TARRYTOWN, N.Y. -- Tarrytown's Kevin Meaney, a comedy star on his own sitcom "Uncle Buck" in the early 1990s and numerous appearances on "The Tonight Show" with Johnny Carson and Jay Leno and "Late Night With David Letterman," will be back home in Westchester at the Empire Casino in Yonkers on Wednesday, March 12.
Meaney, one of comedy's popular and familiar faces over the past 20 years known for his "that's not right" and "we're big pants people," and self-depreciating weight jokes, has dropped an astounding 70 pounds recently. But he is in his best comedy shape.
“I had a great childhood (in Westchester)," Meaney said. "I started working at 14 in Knollwood Country Club (Elmsford), working and growing up in front of celebrities. That is what fascinated me towards show biz."
Meaney will appear at the Casino’s Good Time Room, headlining with comedian Buddy Fitzpatrick, while Moody McCarthy will be emcee for the show.
Meaney said Johnny Carson's departure to Los Angeles with the Tonight Show in 1972 inspired a life-changing moment for the comedian.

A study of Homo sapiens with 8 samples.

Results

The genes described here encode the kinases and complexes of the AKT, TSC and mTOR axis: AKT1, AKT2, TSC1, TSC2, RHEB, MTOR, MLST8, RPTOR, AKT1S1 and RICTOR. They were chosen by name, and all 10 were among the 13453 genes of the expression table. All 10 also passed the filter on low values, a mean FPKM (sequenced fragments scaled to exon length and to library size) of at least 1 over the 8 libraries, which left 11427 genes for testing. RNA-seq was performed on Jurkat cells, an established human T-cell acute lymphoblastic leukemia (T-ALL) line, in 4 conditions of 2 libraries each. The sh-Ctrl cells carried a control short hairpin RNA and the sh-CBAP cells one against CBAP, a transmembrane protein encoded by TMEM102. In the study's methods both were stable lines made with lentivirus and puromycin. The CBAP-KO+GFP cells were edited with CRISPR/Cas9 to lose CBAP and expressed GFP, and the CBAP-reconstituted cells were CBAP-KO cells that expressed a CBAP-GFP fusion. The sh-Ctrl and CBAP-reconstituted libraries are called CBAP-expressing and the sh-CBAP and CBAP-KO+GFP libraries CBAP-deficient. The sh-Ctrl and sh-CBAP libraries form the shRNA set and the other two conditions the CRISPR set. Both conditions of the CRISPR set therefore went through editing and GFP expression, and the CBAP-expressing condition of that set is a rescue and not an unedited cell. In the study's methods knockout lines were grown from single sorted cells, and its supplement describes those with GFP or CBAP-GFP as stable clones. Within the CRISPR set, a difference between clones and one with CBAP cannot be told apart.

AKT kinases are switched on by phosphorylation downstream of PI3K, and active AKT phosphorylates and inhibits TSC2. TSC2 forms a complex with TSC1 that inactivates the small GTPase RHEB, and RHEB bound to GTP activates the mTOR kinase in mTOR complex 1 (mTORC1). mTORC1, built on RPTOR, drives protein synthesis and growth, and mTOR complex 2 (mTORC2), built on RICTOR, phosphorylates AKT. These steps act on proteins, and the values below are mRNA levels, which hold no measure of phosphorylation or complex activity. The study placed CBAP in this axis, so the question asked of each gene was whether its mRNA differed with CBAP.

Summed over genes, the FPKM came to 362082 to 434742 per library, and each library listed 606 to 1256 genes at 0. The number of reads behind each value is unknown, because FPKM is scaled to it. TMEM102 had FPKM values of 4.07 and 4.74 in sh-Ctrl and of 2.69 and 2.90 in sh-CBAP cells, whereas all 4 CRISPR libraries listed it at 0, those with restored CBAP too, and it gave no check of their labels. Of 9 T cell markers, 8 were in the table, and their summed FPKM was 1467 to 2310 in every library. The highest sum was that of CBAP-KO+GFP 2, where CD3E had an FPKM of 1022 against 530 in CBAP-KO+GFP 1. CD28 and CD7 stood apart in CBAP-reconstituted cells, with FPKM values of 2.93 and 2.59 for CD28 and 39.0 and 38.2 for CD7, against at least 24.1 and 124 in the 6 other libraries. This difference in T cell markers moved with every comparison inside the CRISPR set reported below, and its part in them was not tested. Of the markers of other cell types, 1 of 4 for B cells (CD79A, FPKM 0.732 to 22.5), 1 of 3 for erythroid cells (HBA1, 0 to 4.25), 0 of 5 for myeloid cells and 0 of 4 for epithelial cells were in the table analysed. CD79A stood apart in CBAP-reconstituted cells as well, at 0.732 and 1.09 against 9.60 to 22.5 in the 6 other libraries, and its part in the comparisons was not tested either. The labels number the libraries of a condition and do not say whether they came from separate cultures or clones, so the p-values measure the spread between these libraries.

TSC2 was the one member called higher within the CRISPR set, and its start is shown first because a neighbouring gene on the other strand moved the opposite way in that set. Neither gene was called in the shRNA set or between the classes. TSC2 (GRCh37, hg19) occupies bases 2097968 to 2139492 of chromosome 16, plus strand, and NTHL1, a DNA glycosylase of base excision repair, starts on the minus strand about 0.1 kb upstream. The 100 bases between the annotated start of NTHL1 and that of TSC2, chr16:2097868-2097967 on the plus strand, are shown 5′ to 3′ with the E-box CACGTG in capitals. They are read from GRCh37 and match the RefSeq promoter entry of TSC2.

"After Johnny Carson left from New York to Los Angeles, I was very upset," Meaney said. "I wrote a letter to him saying that I was the best pot washer on the East Coast and would challenge his pot washer on the West Coast. Fast forward 20 years and I was telling him this story during a break when I was on his show.”
Meaney said a professor in college was his inspiration.
"He told me that I had talent and there was something special about me. It was the incentive to keep me going and pursue this," Meaney said. “You have to constantly reinvent yourself. At one point I left stand-up and spent five years on Broadway for five years doing "Hairspray", but it was a good getaway from stand-up. It was good because afterwards I could go back.”
As for losing the weight, Meaney says he found a perfect exercise to help him sustain the lifestyle change.
"You have to find an exercise that you like to do. I like to swim," he said. "Since last April, I have been swimming every day. This coming April will mark one year of swimming every day. You have to lose weight for yourself. If I didn't want to do it, then I wouldn't have.”
And a hint for youngsters like himself who want to pursue a career in comedy: “Get on stage as much as you can," he said. "Go be an emcee because you can be on stage 10 times instead of one. Go to open mic nights."
Doors will open at 7 p.m., while performances get underway at 8 p.m. Admission is $5 for Empire Club members and $15 for all non-members; a free drink ticket will be given to all patrons.